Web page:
Carrie Sheffield Contributor
They’ve been percolating at the state and local level, and now a bipartisan group on Capitol Hill hopes to fund social impact bonds (SIBs) with federal dollars. We lack extensive data about whether SIBs work, but in theory they’re the perfect match of seeking the public good while enforcing accountability, the yin and yang of conservative and progressive ethos.
Co-sponsors Reps. Todd Young, R-Ind., and John Delaney, D-Md., recently led seven other members from both parties to introduce H.R. 4885, the Social Impact Bond Act. The bill would enable the Treasury Department to reimburse for social betterment projects only after grantees have achieved targeted outcomes. Projects are typically initially funded by private donors, and the project length would be capped at 10 years.
The bill would also create a Federal Interagency Council on Social Impact Bonds to collaborate with Treasury; Council members would come from 10 government agencies or departments, including the Department of Health and Human Services, the Office of Management and Budget, and would be chaired by a member of the Office of White House Policy.
“Social Impact Bonds have the potential to transform our nation’s social safety net by shifting the focus of such programs from inputs to outcomes,” Young said following the bill’s unveiling. “In other words, instead of arguing about how much or how little we are spending, policymakers should reward what works based on actual evidence. Whether you think government ought to do more to help our fellow Americans in need, or you think government needs to save money wherever possible, social impact bonds provide a solution on both counts.”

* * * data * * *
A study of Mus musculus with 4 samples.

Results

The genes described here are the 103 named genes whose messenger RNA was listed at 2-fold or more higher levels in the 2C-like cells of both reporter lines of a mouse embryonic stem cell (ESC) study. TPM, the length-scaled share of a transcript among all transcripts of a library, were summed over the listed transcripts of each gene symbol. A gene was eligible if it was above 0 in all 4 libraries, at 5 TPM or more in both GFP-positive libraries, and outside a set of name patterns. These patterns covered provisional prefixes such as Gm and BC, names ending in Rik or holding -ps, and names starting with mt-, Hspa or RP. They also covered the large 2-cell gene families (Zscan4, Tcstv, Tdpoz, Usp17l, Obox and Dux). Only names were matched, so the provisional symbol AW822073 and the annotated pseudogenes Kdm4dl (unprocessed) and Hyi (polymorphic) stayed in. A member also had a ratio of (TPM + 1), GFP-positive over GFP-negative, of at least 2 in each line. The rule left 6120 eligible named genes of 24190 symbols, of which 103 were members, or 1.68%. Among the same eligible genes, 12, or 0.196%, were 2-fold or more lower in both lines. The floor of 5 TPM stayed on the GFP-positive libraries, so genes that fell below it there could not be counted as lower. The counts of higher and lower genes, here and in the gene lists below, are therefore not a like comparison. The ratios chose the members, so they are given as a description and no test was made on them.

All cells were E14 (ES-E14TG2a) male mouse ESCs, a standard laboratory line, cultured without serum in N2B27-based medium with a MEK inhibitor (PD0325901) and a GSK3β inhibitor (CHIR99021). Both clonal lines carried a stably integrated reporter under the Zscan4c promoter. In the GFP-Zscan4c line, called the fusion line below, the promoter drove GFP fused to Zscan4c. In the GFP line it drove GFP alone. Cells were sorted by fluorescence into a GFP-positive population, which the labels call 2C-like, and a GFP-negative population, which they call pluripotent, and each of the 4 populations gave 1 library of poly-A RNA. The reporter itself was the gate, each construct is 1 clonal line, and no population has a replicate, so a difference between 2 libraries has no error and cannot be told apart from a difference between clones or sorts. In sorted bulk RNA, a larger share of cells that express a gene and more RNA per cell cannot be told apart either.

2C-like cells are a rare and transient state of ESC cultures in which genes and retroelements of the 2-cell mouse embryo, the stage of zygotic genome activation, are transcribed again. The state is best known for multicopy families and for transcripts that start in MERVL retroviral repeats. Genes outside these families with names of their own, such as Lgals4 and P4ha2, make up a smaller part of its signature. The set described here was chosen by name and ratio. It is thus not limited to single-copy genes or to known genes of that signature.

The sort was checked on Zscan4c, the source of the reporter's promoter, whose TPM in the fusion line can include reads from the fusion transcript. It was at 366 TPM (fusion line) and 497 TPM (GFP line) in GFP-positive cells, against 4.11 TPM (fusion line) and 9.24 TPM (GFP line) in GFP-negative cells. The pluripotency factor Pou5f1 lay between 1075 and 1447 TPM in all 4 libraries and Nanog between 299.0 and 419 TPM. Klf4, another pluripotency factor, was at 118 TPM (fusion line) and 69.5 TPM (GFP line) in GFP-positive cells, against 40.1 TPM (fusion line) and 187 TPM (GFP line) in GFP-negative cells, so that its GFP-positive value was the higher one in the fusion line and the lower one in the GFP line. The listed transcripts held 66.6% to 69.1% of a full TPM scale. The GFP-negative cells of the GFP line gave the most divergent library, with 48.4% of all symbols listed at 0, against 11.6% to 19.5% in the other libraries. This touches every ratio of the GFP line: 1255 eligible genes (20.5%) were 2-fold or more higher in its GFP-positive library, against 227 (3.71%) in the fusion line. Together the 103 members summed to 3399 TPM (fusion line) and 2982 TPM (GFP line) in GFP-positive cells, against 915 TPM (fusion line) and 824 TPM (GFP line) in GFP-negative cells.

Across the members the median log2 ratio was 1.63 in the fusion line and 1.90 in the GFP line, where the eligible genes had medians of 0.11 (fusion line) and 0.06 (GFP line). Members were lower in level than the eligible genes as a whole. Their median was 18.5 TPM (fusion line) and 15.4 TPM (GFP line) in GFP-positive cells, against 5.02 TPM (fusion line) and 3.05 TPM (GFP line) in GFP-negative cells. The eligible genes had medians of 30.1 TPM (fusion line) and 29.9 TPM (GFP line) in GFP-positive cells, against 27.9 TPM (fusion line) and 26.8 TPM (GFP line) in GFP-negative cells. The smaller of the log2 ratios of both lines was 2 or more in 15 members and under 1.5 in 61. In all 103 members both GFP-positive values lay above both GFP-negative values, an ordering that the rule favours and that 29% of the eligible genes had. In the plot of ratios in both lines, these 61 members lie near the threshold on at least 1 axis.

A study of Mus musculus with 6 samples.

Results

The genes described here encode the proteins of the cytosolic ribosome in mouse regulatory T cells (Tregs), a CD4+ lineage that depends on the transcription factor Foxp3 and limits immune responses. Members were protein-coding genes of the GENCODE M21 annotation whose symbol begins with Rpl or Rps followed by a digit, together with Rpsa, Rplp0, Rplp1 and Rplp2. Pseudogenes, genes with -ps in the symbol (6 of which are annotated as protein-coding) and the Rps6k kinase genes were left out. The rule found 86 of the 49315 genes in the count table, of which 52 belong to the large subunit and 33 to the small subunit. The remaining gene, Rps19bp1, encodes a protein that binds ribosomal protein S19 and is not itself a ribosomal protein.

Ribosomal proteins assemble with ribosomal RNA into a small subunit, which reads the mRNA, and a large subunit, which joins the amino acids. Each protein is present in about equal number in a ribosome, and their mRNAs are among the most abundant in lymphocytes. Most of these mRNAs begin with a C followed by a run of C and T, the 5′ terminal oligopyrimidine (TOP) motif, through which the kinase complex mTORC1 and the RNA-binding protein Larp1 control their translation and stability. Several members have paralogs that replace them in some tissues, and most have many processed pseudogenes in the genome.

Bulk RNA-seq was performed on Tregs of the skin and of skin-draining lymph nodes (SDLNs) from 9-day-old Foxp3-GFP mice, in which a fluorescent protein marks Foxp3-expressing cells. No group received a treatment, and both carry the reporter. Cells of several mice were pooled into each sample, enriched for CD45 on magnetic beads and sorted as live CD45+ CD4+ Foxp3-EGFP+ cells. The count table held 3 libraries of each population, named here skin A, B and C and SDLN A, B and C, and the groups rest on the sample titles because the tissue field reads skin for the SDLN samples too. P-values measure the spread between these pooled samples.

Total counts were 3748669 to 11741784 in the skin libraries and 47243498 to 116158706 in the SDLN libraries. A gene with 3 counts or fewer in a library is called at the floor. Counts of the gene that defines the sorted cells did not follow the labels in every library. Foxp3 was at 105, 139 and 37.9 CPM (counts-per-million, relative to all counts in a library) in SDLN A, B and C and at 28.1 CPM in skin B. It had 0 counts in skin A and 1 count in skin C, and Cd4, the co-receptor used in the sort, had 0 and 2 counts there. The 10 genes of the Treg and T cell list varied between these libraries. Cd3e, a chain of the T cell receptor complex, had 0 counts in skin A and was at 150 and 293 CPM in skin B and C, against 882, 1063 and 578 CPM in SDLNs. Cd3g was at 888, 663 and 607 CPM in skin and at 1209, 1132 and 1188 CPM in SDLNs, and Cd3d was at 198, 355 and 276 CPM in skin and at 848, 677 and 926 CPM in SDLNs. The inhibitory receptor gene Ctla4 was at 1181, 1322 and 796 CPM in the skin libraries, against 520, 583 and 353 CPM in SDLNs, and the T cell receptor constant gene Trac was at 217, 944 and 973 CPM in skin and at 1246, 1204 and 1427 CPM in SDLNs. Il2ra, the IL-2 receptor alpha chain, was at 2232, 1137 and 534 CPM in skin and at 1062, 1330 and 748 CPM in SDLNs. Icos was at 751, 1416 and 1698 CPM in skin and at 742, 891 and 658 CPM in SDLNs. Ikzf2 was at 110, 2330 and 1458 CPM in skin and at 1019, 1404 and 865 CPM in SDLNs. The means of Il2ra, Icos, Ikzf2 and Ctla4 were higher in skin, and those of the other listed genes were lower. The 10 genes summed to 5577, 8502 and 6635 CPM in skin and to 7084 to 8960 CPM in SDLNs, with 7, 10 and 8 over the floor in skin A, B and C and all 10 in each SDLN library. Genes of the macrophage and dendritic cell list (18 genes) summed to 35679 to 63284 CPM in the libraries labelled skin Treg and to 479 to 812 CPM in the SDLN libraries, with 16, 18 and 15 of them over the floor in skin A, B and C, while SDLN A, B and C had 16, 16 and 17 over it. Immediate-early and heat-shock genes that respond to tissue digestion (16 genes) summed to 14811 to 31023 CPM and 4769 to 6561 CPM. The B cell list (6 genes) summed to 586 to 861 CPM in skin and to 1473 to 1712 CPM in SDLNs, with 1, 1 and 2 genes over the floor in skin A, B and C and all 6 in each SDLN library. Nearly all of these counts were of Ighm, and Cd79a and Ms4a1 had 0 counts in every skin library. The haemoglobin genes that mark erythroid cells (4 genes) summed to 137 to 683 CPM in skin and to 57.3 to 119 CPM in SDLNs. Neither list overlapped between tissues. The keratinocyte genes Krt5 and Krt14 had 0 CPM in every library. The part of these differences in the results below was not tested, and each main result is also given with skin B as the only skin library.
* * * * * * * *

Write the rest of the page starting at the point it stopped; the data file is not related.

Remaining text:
John Perovich of Social Enterprise Associates gives some useful examples of SIBs in action, including the real-life 2012 case of the New York City Department of Correction and Goldman Sachs, where the investment bank issued a $9.6 million loan to fund therapeutic services for 16- to 18-year-olds incarcerated on Rikers Island. Under the deal structure, the City government will repay the firm on a sliding scale based on program results, i.e. less recidivism.
Source: Social Enterprise Associates
Perovich cited a fictional scenario from Social Finance US to explain SIB structure. Say the cost of homelessness (e.g., emergency rooms, jails, shelters) for a state is $100 million, though the state seeks to save money while improving life for the homeless. Under the scenario, building affordable housing would cost $40 million and ongoing social services $25 million in case management and behavioral health care. The state could tap private investors for $40 million in SIBs and monitor results in how the affordable housing reduces homelessness. The state would then pay out investor returns with a portion of cost savings, projected at $35 million.
Source: Social Finance US
SIBs are a better fit for human nature than guaranteed government appropriations since they tap into incentives. No results, no money. Should this federal endeavor–right now capped at $300 million–prove successful, it could be the tipping point for a wave of more SIBs.
*This original post incorrectly identified the source of the fictional SIB scenario. The source is Social Finance US.